Baby P: Shoesmith settlement highlights importance of fair process in dismissals

News of the settlement of Sharon Shoesmiths’ claims against Haringey Council was almost inevitable after the Court of Appeal’s decision in May 2011 that the decision to dismiss her was unlawful.

The Court of Appeal was not determining an unfair dismissal claim. Its ruling was judicially reviewing the decision to dismiss. But the case still highlights the need for basic fair process, even in seemingly clear cut of summary dismissals. The Court of Appeal stated: “whatever her shortcomings may have been … she was entitled to be treated lawfully and fairly and not simply and summarily scapegoated”.

Mark Cornish, employment specialist at Grant Saw believes that Ed Balls’ focus on the merits of sacking Ms Shoesmith misses the point – perhaps intentionally. “If you start by asking whether the Council was right to dismiss her, you’re asking the wrong question. This is not about whether she should have been sacked, but whether Mr Balls and Haringey Council complied with some basic employment law. Following fair process is just as important as having a fair reason. It’s clear that Ms Shoesmith was never given an opportunity to defend herself.”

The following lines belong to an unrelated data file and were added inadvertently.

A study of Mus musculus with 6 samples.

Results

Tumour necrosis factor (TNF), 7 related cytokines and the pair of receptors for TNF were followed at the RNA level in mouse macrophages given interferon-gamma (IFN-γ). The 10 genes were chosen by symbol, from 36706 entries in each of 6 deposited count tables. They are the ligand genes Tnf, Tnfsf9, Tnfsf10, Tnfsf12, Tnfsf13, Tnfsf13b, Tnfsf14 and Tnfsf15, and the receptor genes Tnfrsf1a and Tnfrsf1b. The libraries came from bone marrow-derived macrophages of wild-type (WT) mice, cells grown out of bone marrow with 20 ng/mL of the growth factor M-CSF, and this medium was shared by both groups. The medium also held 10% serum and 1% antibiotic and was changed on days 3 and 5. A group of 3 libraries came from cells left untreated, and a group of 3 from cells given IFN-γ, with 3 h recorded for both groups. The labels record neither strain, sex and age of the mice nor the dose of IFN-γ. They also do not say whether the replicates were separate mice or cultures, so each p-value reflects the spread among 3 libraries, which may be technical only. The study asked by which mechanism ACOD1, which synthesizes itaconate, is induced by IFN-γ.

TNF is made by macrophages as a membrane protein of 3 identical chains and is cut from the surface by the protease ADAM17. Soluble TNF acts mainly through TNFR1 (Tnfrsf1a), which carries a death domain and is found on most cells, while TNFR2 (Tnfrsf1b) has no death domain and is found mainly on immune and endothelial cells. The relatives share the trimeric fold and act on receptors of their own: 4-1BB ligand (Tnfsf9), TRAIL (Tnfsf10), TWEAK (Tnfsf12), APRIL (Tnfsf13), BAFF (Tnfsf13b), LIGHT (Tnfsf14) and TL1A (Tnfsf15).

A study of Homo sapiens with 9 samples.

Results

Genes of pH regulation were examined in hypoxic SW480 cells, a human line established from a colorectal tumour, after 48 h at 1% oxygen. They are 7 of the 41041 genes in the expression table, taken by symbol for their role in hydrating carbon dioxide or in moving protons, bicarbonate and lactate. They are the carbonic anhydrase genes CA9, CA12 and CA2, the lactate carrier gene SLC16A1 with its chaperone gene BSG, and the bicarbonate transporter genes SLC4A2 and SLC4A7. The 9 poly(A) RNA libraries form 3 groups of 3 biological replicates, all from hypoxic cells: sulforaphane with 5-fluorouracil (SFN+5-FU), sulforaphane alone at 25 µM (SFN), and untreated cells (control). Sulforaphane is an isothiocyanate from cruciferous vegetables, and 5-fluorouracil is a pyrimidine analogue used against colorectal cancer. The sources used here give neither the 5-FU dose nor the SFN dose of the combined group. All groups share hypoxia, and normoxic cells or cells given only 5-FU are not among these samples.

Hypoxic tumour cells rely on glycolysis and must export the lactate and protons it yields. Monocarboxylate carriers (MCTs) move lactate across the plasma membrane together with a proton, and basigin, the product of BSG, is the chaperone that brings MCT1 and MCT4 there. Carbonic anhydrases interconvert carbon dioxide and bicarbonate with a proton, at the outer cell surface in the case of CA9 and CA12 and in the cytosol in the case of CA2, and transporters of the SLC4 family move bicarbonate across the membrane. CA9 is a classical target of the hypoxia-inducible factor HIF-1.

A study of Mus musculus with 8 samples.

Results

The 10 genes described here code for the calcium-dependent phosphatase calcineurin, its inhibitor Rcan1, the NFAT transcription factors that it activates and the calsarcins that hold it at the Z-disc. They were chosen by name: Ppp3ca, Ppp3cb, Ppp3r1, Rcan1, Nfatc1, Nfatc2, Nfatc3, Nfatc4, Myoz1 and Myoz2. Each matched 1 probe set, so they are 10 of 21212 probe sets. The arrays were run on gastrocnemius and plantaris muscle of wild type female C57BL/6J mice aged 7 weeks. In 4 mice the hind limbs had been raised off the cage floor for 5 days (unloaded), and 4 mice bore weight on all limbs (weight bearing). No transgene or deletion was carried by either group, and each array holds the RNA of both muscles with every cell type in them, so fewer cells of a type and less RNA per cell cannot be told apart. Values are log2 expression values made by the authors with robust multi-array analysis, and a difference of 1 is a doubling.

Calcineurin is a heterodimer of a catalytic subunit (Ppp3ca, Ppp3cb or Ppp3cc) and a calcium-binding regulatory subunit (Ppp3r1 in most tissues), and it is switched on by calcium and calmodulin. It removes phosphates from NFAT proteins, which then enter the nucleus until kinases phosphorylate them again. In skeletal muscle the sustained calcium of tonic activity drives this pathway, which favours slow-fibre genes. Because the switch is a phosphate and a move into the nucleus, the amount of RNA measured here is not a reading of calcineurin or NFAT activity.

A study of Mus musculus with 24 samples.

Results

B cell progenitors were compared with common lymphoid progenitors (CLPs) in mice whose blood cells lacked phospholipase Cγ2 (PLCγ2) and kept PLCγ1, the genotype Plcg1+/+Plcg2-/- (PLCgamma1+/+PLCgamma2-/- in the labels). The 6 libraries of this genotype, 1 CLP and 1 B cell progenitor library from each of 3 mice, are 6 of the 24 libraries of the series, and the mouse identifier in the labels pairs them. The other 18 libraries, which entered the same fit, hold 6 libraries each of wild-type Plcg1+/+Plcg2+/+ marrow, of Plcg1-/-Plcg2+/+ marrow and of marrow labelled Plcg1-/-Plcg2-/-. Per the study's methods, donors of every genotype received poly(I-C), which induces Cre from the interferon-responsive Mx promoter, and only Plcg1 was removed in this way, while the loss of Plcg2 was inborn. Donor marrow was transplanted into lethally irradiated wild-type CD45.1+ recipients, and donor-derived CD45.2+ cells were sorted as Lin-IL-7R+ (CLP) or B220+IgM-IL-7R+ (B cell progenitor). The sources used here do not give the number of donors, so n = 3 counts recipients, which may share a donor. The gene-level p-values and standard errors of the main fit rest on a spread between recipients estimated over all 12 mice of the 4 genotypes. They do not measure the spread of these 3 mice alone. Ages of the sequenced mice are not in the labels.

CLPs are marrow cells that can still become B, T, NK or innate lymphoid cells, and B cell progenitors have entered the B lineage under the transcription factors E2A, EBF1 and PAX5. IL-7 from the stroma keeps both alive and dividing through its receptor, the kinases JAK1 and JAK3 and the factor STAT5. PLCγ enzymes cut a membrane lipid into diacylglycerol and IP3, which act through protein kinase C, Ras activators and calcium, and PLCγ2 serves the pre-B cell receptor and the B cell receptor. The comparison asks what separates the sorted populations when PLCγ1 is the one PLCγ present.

It wouldn’t have been difficult to do. Before deciding to dismiss Ms Shoesmith, the Council should have conducted an investigation; informed her of the allegations; suspended her (on full pay); and allowed her a hearing to defend herself. This needn’t take that long. Councils may not be the quickest at dealing with disciplinary matters, but in this case things could surely have been expedited. The short term cost of a few days pay, would surely have been far more palatable than the “bad taste” left by news of settlement. Perhaps the public were impatient but you can’t circumvent fair process because you think it might score a few points with a public whipped up by a frenzy of media hysteria.

To the extent there’s any bad taste left by the settlement, Mr Balls might care to reflect on who made a meal of things in the first place.

This is not legal advice; it is intended to provide information of general interest about current legal issues.